I was feeling really good when I set out for a Friday morning run, which, based on previous experience, should have been the first clue something was about to go wrong.

Did I mention I’m training for a marathon? Yes, I know, very impressive. Me and about a million other people suffering midlife crises. I’m a third of the way through training, thanks for asking, and have settled into a challenging but rewarding training cadence. Or at least I had until Friday.

I was about a mile into my run when I reached one of the city’s busiest intersections, on a major north-to-south road. When the walk signal flashed and I was permitted to cross east to west, a long line of cars, four lanes wide, was stopped at the red lights on both sides. And every single driver in those cars watched as I began to run and, after about 10 feet, my foot landed in a pothole. Before I could process what had happened, I was splayed horizontally on the asphalt.

The only pain I felt when I got back up was the searing burn of the many eyes watching me hobble across the rest of the intersection.

It wasn’t until I reached the other side, after I yelled “I’m fine!” to concerned onlookers, that I finally glanced at the damage and saw blood streaming down my leg and pooling in my shoe. Which was not an ideal condition for running the remaining five miles of my route.

So I called my emergency responder (my husband, who was still asleep) and requested delivery of some Band-Aids and a fresh pair of socks. When he arrived and assessed my condition, he asked, “Are you sure you don’t just want me to drive you home?” to which I should have responded, “Yes. Please take me home.” But because I’ve been infected with Runner Brain — a condition that leads otherwise rational people to think things like “If Michael Jordan could play in the finals with the flu, I can finish this run” — I told him no, a Band-Aid and fresh socks should do the trick.

“Are you sure?” he asked with raised eyebrows.

“I am,” I said, even though I knew I probably wasn’t, and waved goodbye.

I made it another mile before I looked down again and saw that actually the Band-Aid and new socks had not done the trick. And that what I had dismissed as a scrape was actually a gaping wound.

I don’t like being wrong, so I didn’t want to call my husband for a second time and admit that he was right and I did just need to go home. Unsure of my next move, I looked over at the strip mall at the other side of the street and spotted an InstaCare. So I ran over. At this point, there was blood not just on my leg, but pretty much all over my body after my failed attempts to clean the wound with my water bottle. So I walked in looking like I had just strolled through a combat zone, and explained that no, I did not have an insurance card, no, I did not have my ID, and no, I did not have payment. Somehow, I was still admitted.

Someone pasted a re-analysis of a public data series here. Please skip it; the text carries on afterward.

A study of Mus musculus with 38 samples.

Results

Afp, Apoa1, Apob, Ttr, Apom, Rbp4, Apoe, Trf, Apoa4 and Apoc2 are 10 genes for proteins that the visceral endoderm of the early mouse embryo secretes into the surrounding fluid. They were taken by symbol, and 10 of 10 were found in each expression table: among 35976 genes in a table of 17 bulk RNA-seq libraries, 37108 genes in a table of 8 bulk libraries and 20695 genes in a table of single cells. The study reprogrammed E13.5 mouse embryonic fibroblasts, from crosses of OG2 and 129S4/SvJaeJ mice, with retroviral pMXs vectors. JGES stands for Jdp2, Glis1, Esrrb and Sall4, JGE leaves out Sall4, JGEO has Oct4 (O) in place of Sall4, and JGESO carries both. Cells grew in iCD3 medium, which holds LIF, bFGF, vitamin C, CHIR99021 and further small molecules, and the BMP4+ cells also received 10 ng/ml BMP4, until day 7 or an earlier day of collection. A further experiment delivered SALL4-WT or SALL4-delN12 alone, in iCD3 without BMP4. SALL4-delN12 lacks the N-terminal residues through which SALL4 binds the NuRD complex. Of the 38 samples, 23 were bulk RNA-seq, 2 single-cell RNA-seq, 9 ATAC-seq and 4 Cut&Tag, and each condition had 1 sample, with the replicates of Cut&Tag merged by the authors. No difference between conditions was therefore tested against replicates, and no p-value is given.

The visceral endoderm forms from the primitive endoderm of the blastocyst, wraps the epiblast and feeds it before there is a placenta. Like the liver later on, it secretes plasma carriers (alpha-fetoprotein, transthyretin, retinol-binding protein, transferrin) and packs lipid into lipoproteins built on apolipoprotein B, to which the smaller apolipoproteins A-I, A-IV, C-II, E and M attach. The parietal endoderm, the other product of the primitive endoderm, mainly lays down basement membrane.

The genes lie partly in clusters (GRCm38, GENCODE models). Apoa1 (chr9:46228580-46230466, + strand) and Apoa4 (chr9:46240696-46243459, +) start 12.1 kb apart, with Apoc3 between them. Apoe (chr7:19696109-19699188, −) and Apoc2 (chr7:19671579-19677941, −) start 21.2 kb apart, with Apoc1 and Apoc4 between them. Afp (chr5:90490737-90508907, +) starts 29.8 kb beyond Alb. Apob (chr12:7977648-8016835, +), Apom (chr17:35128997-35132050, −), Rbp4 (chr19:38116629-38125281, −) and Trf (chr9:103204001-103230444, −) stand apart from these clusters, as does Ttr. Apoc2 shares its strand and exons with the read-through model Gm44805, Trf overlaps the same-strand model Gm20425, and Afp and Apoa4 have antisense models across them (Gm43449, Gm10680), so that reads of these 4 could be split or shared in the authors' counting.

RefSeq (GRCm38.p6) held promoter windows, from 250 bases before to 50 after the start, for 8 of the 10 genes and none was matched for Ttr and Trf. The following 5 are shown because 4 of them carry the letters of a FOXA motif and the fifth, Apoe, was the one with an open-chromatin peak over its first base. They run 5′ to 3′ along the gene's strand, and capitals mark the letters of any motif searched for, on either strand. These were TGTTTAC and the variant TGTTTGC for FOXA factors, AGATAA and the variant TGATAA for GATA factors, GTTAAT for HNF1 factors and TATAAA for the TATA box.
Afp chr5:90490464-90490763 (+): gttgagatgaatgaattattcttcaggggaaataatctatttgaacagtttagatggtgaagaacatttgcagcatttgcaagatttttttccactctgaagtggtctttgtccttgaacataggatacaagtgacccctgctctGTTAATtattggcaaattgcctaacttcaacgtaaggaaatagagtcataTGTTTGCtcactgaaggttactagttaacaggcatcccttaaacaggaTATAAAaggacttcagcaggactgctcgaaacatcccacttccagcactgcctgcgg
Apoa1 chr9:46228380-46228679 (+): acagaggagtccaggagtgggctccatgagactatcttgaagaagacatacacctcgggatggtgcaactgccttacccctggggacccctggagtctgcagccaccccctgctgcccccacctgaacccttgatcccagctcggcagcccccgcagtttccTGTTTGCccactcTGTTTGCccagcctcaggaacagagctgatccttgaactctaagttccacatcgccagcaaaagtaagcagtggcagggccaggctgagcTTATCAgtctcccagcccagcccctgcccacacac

A few minutes later, I was explaining the incident to the InstaCare doctor as she fished gravel out of my wounds and stitched up one particularly large gash. “How did this happen?” she asked. “I tripped,” I said, and she was nice enough to stifle a laugh. But I was still humiliated.

This, however, was only the second most embarrassing incident in my career as a below-average runner.

Marathon training season is here again, and I’m even more annoying than last year

The most embarrassing incident happened on a treadmill in a crowded gym. I was, once again, feeling particularly good, which I now know is an omen. I was feeling so good that I thought I could increase my speed. So I took it from a six to a seven. And I still felt good. So I took it from a seven to an eight. Then an eight to a nine. I was in a full-on sprint, which was drawing attention from some of the other Gold’s Gym patrons. But it wasn’t until two seconds later that every head in the building turned in my direction upon hearing the sound of impact after my foot clipped the side of the machine and sent me flying off and onto the floor.

The bottom half of me was on the concrete floor and the top half of me was on the still-moving treadmill. To this day, I do not know why I didn’t just stand up and turn off the machine. Maybe it was embarrassment brain fog. In my humiliated state, I decided the best move would be to try and step back on the treadmill that was still running at sprint speed.

It did not work. In the very same second I tried, I was back on the ground. And every head in the gym turned in my direction, for the second time.

There was not a third try. With a crimson face and eyes glued to the floor, I stood up, turned off the machine, pulled my sweatshirt up to my nose, my hood over my hair, grabbed my water bottle and my keys, and walked out the building. I would have run, but I was afraid I would fall again.


I’ve been in a pattern of constant wincing again since Friday, not from the pain of the stitches in my leg, but from the humiliation of replaying the public pothole folly. My husband saw one wince and asked, “Does it hurt?”

“It does,” I responded. But I wasn’t talking about my leg.

I’m fine now. Just a little sore, and should be back to normal in a week. But if I start feeling too good, I’ll know to step extra carefully. And avoid treadmills.